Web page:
JACKSON, MISS– Trained election commissioners, certified poll workers, the ability to change voter registration information online–all of it was to make your trip to the ballot box easier, but that bill didn’t make it to the governor’s desk to become law.
And Secretary of State Delbert Hosemann says he knows why.
“For hours there was discussion about campaign finance reform,” says Secretary Hosemann, “it died. It was never brought up again.”
But Secretary Hosemann says the campaign finance reform proposals were not part of the original 400 page bill. He says the senate committee added finance reform.
“It passed the House one hundred and twenty to nothing,” says Hosemann, “then it went to the Senate…and it passed fifty to nothing.”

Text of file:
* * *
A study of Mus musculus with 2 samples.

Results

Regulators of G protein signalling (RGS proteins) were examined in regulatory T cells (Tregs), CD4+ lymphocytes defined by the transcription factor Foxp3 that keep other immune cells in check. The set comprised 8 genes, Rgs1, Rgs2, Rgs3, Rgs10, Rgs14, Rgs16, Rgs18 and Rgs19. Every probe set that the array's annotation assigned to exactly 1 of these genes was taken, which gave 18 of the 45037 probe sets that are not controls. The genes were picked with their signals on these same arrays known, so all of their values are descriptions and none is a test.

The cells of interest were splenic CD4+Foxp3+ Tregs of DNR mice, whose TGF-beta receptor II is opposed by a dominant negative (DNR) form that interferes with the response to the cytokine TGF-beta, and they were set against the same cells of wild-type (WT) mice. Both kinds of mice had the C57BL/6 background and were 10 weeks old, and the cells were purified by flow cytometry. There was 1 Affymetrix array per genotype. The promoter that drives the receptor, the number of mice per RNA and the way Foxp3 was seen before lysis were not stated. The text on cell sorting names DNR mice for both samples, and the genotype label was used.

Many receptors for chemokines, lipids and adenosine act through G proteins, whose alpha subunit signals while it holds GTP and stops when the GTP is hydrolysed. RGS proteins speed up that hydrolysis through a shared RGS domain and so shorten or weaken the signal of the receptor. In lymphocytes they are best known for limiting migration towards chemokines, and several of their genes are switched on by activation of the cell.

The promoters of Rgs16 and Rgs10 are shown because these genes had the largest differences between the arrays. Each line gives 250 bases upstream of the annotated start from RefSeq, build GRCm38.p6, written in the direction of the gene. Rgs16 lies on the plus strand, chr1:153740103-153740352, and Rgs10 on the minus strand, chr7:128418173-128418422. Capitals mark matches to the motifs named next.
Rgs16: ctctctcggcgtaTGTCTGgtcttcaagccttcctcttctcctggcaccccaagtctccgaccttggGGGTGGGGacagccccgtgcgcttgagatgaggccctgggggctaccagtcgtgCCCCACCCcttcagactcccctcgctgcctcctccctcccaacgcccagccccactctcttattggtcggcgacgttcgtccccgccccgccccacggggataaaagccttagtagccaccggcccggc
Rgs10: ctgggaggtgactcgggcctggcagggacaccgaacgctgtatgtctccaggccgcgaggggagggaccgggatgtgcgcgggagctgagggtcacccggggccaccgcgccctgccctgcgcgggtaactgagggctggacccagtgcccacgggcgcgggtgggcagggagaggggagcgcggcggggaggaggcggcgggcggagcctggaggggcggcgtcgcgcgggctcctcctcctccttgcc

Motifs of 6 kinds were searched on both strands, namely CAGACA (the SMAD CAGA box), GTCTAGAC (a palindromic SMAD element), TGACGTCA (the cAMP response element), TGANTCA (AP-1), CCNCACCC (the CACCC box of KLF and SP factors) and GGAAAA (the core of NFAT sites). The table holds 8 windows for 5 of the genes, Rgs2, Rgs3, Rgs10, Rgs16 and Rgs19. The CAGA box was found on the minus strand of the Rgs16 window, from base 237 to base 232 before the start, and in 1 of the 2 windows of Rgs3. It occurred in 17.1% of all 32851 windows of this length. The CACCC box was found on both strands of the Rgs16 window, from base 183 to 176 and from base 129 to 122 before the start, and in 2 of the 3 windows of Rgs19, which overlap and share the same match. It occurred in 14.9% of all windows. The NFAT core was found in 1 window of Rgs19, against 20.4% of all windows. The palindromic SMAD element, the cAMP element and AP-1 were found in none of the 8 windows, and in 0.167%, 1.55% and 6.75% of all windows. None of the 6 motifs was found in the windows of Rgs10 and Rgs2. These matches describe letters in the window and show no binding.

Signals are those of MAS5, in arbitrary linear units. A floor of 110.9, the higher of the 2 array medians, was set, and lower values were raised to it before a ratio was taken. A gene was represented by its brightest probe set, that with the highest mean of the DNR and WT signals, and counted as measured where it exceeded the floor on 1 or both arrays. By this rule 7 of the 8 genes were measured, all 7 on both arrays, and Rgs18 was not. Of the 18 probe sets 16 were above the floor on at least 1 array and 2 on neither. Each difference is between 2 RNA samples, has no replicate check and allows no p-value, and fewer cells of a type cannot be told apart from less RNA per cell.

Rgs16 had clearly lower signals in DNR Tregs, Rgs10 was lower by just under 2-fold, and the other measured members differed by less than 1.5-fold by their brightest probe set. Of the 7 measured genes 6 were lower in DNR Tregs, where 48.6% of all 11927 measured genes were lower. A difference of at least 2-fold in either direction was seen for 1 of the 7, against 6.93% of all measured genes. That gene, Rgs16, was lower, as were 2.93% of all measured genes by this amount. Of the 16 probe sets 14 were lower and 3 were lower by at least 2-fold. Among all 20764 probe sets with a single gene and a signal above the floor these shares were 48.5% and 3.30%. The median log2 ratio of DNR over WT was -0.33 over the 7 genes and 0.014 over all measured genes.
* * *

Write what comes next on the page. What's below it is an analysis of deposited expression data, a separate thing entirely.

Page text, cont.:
The Secretary of State notes just how rare it is that a bill gets full bipartisan support and he says there were many positive changes in the bill:
“We would educate election commissioners. We would rotate those election commissioners so you don’t have chaos when you have five new ones. We would require them to have certain basic knowledges to go forward, we would certify poll workers.”
But when campaign finance reform proposals called for changes in bookkeeping campaign money and punishing misuse were brought into the bill, it failed in the Senate by voice vote, and then died in Senate committee.
Questions were brought up regarding using funds for paying for funerals, travel expenses, and how to log gifts from constituents before it died in the Senate.
Secretary Hosemann says he hopes this campaign reform will be brought up in a special session.